EnterpriseWorks/VITA (EWV) has announced a five-year, $4.1 million grant from the Bill & Melinda Gates Foundation to develop and test a market-based approach for the introduction of low-cost, domestic rainwater-harvesting systems that would provide drinkable water to areas in need of potable water.
Awarded as part of the foundation's global development program, the grant will be used to conduct a year-long, twenty-country study of past usages of rainwater harvesting and current technological innovations, enabling EWV to learn more about the market's needs and design a product to meet them. During the second phase of the project, EWV will implement a pilot project to produce and market a prototype system in a selected region.
Rainwater harvesting — the process of collecting runoff from structures and storing it in above- or below-ground vessels — could be a solution for some of the 1.1 billion people worldwide who do not have access to water for drinking and cooking by eliminating the need for costly distribution systems. Despite its potential, currently less than 1 percent of the global population takes full advantage of rainwater harvesting techniques.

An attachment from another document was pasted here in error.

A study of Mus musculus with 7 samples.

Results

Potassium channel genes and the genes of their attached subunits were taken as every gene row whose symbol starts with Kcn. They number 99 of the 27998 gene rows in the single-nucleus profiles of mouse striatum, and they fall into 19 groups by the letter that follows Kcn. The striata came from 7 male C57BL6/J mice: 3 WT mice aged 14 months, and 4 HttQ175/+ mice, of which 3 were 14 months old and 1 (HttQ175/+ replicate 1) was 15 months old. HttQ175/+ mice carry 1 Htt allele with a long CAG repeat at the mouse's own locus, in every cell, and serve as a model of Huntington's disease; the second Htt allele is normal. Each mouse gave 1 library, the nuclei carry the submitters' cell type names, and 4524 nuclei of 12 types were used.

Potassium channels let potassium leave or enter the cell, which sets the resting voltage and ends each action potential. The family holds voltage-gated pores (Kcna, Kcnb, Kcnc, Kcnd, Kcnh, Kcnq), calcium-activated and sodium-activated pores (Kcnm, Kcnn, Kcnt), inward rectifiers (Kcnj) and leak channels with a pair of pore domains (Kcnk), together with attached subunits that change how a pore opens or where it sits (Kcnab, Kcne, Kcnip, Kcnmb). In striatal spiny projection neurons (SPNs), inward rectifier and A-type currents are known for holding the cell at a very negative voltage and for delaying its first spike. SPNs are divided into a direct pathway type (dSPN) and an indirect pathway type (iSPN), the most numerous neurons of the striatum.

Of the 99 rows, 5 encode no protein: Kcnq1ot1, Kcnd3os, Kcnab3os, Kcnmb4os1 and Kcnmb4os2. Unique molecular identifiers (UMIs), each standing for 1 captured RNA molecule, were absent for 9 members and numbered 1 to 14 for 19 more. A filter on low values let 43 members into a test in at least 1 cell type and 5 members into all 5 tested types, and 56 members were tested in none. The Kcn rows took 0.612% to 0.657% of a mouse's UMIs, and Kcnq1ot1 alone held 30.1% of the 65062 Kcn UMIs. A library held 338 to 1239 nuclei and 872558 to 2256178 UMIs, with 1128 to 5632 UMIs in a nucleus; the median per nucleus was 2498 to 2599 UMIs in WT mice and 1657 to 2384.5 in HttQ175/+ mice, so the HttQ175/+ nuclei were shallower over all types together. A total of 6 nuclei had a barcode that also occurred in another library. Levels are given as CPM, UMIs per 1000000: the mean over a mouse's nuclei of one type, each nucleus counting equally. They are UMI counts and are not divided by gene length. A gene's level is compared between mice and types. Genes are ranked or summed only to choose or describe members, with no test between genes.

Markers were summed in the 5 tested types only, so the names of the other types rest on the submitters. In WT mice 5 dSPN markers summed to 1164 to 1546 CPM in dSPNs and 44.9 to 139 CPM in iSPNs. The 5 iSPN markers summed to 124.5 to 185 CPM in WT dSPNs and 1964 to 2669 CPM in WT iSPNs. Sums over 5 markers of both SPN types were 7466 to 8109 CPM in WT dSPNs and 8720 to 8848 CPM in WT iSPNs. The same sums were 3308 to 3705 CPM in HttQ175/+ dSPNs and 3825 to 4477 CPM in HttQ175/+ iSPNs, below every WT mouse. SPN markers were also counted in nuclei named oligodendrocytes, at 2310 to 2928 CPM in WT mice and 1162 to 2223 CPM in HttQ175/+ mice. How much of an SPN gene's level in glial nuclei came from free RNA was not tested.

"Domestic rainwater harvesting may actually be the only alternative for improving water supplies in some areas," said Don Feil, president and CEO of EWV. "Tapping rain could have a positive impact on people who live in areas with even limited rainfall. This funding will help us to develop opportunities to provide access to safe water closer to people's homes."